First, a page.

She didn't cry the first night. She'd done a little crying on the ship when she'd realized just what she'd gotten herself into. When she'd realized what the red pill really meant. But she'd wanted so much to make a good impression. It wasn't hard to hold back the tears on the ship. In the dorm? It was harder. Especially when she heard some of the others chatting, talking about what they were working on, jobs scavenging or refurbishing old parts. The first night, she managed. The second night? The second night she pulled her pillow over her head and sobbed until the girl in the bunk beneath her climbed up and put an arm around her shoulders.

"I cried too," the other girl said. "I cried for days. Magda, she had the bunk below mine when I got here and she used to tell me to suck it up. She's on the Novalis now."

"Good riddance," Trinity muttered, wiping her face on her sleeve.

The other girl laughed and nodded. "Yeah. Totally."

Trinity looked over at the girl who'd climbed up to her. She was almost unnaturally pale, her hair light blonde and cropped short, close to her head. They'd been introduced, but Trinity couldn't remember her name.

The other girl must have realized. She smiled at Trinity. "I'm Switch. You're Trinity, right? Heard about you before you came through. I got to watch your exit remotely."

"Yeah?" Trinity shifted on her bunk, wrapping her blanket around her shoulders and crossing her legs so Switch would have more room.

Switch nodded. "Yeah. I've been doing ship classes. They made me take operator class even though I'll never be one. Easier to have everyone with plugs go in and the op be Zion-born. I just want to kick some Agent ass, you know?"

"Yeah. I know. One of those things chased me a couple of days before I got out."

"Wow, yeah. I remember. They're tough to get away from. So what do you want?"

Trinity had to think about that. In the Matrix, well, she'd wanted the truth. She'd wanted to know more about the world. She'd wanted answers to all of the things that didn't add up. The things she couldn't quite connect. She'd wanted to overthrow the people in power. Now? Now it seemed like an impossible task. But there were some people doing something to help. The people on the hovercrafts. The ships. The One, if such a person was even out there. The rumors were everywhere but no sign of the person they all spoke about.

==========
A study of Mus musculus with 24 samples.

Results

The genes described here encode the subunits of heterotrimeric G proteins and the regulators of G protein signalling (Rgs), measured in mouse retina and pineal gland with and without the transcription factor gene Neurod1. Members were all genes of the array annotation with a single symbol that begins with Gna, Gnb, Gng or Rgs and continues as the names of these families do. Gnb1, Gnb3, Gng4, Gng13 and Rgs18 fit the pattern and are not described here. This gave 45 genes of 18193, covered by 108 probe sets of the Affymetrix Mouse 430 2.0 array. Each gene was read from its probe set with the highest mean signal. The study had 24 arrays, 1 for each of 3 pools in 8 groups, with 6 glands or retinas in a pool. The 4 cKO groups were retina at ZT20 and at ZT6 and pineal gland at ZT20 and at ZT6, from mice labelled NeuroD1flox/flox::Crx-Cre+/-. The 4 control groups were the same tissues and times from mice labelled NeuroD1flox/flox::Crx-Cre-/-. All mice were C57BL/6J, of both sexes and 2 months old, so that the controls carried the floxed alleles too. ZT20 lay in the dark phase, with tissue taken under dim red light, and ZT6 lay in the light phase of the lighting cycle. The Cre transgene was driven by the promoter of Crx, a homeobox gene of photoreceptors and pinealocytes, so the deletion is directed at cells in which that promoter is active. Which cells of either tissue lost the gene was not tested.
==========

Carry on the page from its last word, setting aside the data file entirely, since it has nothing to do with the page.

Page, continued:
"I want a ship," she said quietly. "I want a ship and I want to get more people out. The more of us that wake up the fewer they're controlling."

"They'll just breed more," Switch pointed out. "When you're low on batteries you go buy more."

"I don't care," Trinity told her. "I don't care. I'll keep doing it. I'll find the people who are ready. I'll help them get ready. Who knows? Maybe I'll find the One."

Switch laughed and punched Trinity's shoulder. "Let's team up. We'll do it together."

The next morning Switch was still asleep when Trinity woke up. She debated shaking the other girl awake but they'd stayed up so late, talking and making plans. Switch knew all there was to know about all of the ships. She'd left the Matrix six months before, on her fifteenth birthday. Trinity smiled when she realized they were almost exactly the same age. She'd have to do something for both of their birthdays. But when she saw one of the other girls sharing a piece of what looked like beef jerky with her sister, she frowned. Did they even have birthday cake here? Or anything like it? How did they celebrate? How did they get food that wasn't the glop they had on the ships?

Trinity resolved to find a way to have something better than that by the time her next birthday rolled around.

Switch woke up just as Trinity was getting back from the showers. She seemed to go from asleep to awake in a matter of a second. She grinned at Trinity and grabbed her by the arm.

"Come on. Let's go. You can come with me to class. I'll convince Louhi you're good enough to join our class. She won't argue once she sees what you can do."

"And what can I do?" Trinity asked.

"From what I saw? You can do plenty."

Trinity smiled at the idea that Switch had seen some of what she'd done while she was still in the Matrix. "I worked hard."

The class Switch took her to was full of people of various ages, all former copper-tops, as Switch called them. They were learning how to read the Matrix screens, identifying people and scanning for likely candidates to retrieve from the pods. There was an art to it and some were better than others. Switch admitted she was better at going into the Matrix and doing things by force but Trinity loved the intricacy of the patterns of code they were watching.

There was a way to insert a little code here and there, communicate with people inside the Matrix from outside. It took two weeks before Trinity could do it well enough for Louhi to nod in approval at her, but Switch said that was a month faster than anyone else.

She wasn't sure what she was looking for, really. She focused on just finding people to send the ships to, people who were almost ready. She watched exits and refusals and two people killed by Agents. Everyone she found seemed pretty good, but somehow not quite perfect.

Two months after she arrived, when they had a rare day off, Switch woke Trinity early by tugging on her sleeve.

"Come on," she said. "We got permission to go meet the Oracle."

"The Oracle?" Trinity asked, hopping down from her bunk. "Really?"

Spoken of in tones reserved for the Councilmembers and the One, the Oracle was hard to get an appointment with. No one kept her schedule but her. If you wanted permission to see her, you'd have to hope she wanted to see you.

A few hours later, waiting outside the Oracle's door, Trinity wiped her palms on her legs. Somehow she knew. Somehow she was sure this would be the day everything fell into place. Today she would know what she had to start looking for.